Only 13% of the global population enjoys a robust free press where the safety of journalists is guaranteed. We are reminded that we must never take for granted our capacity to express our ideas, to challenge authority and engage in healthy debate. We must cherish and nurture our freedoms, seeking always to improve our media, challenging them and ourselves to do better and to do more.
For the last six years, an unlikely delegation has helped to shape vital information coming out of COP, the annual United Nations Framework Convention on Climate Change. It’s not a powerful committee of statesmen. It’s not a global media channel. It’s not a fly-in of Hollywood stars and activists.
It’s a group of reporters that hail from far flung corners of the world. And in many cases, it’s their countries and their homes that will be hit hardest by climate change.
An investigative report by Burmese journalist Swe Win has revealed that abuses and exploitation are rife in Myanmar’s prison labor camps. Interviews with ex-prisoners and former prison officials document that convicts are forced to pay bribes or perform backbreaking manual labor, sometimes resulting in death.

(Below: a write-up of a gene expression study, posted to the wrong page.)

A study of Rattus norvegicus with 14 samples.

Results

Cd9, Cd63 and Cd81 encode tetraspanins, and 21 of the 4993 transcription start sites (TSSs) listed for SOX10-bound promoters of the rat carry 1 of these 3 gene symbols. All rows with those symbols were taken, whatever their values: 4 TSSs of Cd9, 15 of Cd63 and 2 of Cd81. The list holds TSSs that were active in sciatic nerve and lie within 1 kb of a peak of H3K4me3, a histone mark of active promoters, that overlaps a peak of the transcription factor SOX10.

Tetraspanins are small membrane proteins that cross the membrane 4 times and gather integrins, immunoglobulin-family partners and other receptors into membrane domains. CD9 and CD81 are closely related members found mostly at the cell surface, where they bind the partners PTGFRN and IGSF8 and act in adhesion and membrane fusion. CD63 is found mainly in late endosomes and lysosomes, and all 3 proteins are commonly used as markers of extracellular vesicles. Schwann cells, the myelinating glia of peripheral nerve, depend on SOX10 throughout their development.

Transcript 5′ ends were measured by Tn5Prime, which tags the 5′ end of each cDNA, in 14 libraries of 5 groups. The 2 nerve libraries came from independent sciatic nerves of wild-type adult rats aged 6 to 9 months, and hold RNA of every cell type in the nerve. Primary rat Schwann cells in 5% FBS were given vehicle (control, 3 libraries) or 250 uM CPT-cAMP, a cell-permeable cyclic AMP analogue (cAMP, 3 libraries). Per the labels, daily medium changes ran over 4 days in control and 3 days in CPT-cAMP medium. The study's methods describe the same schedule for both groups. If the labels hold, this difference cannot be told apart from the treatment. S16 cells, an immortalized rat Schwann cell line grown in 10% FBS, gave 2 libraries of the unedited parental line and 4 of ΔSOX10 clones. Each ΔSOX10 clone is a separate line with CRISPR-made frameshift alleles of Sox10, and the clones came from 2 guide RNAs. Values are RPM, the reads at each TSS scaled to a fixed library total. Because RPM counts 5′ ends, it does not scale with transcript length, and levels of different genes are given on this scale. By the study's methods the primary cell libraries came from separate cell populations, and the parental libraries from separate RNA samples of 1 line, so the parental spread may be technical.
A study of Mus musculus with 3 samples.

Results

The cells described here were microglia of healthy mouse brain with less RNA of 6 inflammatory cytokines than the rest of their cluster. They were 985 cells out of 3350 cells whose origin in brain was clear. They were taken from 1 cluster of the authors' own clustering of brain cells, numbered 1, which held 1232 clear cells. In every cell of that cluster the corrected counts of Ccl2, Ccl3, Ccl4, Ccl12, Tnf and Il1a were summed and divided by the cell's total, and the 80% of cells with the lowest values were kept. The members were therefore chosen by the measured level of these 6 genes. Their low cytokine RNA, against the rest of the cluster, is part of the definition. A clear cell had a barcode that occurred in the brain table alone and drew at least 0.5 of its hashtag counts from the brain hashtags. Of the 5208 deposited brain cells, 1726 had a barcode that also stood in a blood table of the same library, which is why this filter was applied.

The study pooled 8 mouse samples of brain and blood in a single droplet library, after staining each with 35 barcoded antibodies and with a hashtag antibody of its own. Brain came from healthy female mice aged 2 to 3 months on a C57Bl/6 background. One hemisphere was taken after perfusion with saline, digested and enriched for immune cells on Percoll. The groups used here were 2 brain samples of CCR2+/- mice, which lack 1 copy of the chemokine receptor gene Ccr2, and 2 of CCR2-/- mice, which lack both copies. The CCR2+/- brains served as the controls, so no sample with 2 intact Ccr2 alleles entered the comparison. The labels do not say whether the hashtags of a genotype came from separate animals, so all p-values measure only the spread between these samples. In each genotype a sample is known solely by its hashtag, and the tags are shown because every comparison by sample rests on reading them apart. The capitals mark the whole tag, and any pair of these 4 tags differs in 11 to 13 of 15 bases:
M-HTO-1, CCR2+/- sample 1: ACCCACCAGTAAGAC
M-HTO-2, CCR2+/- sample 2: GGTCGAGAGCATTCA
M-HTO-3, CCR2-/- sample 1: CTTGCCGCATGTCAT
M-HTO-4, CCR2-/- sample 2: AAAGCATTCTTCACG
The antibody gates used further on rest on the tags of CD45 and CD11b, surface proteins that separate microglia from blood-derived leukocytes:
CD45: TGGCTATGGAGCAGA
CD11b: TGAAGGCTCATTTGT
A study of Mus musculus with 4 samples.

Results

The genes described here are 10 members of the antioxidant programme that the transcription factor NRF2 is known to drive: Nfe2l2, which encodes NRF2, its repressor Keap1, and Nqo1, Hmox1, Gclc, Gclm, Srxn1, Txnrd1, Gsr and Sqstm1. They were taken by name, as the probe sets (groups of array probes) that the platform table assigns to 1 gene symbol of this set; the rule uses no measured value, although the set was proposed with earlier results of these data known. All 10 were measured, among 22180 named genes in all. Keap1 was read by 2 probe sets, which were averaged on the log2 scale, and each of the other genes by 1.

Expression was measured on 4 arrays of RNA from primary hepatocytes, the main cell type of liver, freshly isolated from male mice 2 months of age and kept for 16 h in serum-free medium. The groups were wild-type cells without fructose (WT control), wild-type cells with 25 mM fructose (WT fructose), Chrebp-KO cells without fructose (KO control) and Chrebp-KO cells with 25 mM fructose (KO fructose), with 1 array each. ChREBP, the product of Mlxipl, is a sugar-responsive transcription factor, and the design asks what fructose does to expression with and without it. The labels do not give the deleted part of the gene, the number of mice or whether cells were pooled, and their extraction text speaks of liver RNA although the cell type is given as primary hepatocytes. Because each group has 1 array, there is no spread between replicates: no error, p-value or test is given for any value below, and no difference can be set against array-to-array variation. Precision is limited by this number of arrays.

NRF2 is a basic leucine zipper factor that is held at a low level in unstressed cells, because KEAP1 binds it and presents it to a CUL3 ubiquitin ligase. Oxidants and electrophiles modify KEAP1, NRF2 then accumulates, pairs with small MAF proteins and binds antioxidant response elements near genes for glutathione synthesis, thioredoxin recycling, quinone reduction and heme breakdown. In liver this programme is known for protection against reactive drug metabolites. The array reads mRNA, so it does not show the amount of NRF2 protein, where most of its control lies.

A study conducted by Internews provided deeper insight into how Kenya’s news audiences perceive and understand the graphic images used to tell data-driven stories in the media. Bubble charts have little to no traction with Kenyan audiences; bar charts are generally considered more credible and “scientific;” but the best ones to use for conveying information are pictorial infographics.
Refugees in Greece were able to tell the world about their lives, their history, their reality, and their hopes through six storytelling multimedia workshops in locations throughout Greece. These images can serve as a common language – connecting refugees to a wider world.
Journalism trainers, Hsu Hsu and Hein, went to Kone Thar in Myanmar to lead a “Safe Online Space” training organized by Myanmar ICT for Development Organization. When they spoke about how social media can either be used to mobilize communities for peace, or to stir up conflicts through dangerous speech and spreading online rumors, it triggered an open conversation.
At least 1,000 people are now feared dead in the wake of the devastating hurricane that hit Haiti October 4. One of the most critical needs is the provision of timely, accurate and trusted information that responds to the needs of the affected population.
Last year the Inter-American Commission on Human Rights named Honduras the most dangerous country in Latin America for journalists. Xiomara Orellana has been working as a journalist for decades in Honduras. She has taken great risks to follow her passion to explain the migration experience.
“The essence of what you do is in the impact that it has on people; for you to inform, change, help consolidate democratic societies."